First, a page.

Paul Franke | Associated Researcher

Former Member
Centre Marc Bloch, Friedrichstraße 191, D-10117 Berlin
Email: paul.franke  ( at ) Tel: +49(0) 30 / 20 93 70700

Home Institution : Philipps-Universität Marburg / Centre Marc Bloch | Position : Associated Researcher | Disciplines : History |

Institution of thesis
Max Planck Institut für Bildungsforschung/ Humboldt-Universität zu Berlin
Prof. Dr. Alexander Nützenadel

Illegal Markets and Economies: Art Theft, Art Forgery and illegal Trade of Antiquities between 1890-1990 in transnational Perspective

The project investigates the interactions between legitimate and illegitimate, i. e. lawful and illicit, economies in the 20th century. In the period between 1890 and 1990, the transnational "grey market" for art and antiques is an important example of how criminal and legitimate economies not only intersected, but also constituted each other. The art and antiques trade represents a special opportunity for approaching this research gap in economic and cultural history. Here the legal and the illegal are closely interwoven at the level of actors, objects, and markets. The project therefore focuses specifically on stakeholders, networks, spaces, and practices of the (il)legal art and antiques trade in order to write a new history of (criminal) economies in the 20th century.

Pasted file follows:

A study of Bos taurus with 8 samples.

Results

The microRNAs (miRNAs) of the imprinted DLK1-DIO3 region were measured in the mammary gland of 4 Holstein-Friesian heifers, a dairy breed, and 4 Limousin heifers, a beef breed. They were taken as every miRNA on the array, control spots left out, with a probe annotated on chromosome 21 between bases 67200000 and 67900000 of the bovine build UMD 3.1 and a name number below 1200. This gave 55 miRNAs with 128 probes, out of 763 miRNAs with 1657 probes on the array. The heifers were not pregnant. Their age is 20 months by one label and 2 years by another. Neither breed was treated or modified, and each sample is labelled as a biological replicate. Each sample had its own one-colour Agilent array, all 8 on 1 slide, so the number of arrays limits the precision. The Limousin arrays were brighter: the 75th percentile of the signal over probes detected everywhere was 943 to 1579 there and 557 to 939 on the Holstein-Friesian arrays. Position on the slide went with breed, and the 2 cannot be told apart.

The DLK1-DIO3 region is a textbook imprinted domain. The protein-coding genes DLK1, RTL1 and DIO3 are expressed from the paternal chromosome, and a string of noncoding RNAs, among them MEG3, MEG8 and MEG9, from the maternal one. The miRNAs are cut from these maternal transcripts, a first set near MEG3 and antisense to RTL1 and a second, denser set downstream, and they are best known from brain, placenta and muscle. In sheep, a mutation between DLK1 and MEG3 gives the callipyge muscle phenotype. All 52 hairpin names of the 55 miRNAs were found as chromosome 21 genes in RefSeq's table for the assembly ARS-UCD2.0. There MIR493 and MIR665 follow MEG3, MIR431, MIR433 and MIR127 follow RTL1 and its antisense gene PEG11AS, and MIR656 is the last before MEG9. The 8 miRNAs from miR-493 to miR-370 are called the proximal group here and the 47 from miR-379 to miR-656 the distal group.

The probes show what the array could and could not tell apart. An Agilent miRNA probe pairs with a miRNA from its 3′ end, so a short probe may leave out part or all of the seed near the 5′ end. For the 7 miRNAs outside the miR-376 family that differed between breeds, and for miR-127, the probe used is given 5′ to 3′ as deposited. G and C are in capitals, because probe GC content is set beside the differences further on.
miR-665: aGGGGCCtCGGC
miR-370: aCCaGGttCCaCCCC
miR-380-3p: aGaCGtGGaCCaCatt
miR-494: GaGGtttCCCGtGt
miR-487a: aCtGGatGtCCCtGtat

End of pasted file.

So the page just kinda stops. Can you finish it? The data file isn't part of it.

A transnational and dynamic market for art and antiques already existed at the end of the 19th century. Although historical research has already gained far-reaching insights into this market, a significant and important blindspot remains for the history of the 20th century: the role of illegality.

The art and antiques trade exploited, and even seemed to need crime to function. Criminals, at the same time, used legitimate structures to conduct business. Despite this connection, the two spheres of the market – the legal and the illegal side – have mostly been researched separately.

This project however looks for shared networks and spaces as well practices and structures the spheres had in common while at the same time tracing their development along the disruptions of the 20th century.

Criminal entrepreneurs, such as thieves, counterfeiters, and fences, just as much as buyers used market mechanisms and (infra-)structures of legal markets for their illegal activities. An economic history informed by cultural-history that looks at both sides of the market enables new perspectives on the history of art thefts, forgeries, and illegal trade. It enables new insights into the historical constitution of markets, into illegal and legal economic activity, and into the actions of political institutions with regard to the regulation or sometimes use of illegal economies on a transnational level.

The project places particular emphasis on the role of actors, agents, and spaces that built bridges between the spheres of legal and illegal art trade. By reconstructing historical practices of economic activity the project further employs praxeology to question the all too rigid categories of “legal” and “illegal” in the period of 1890-1990.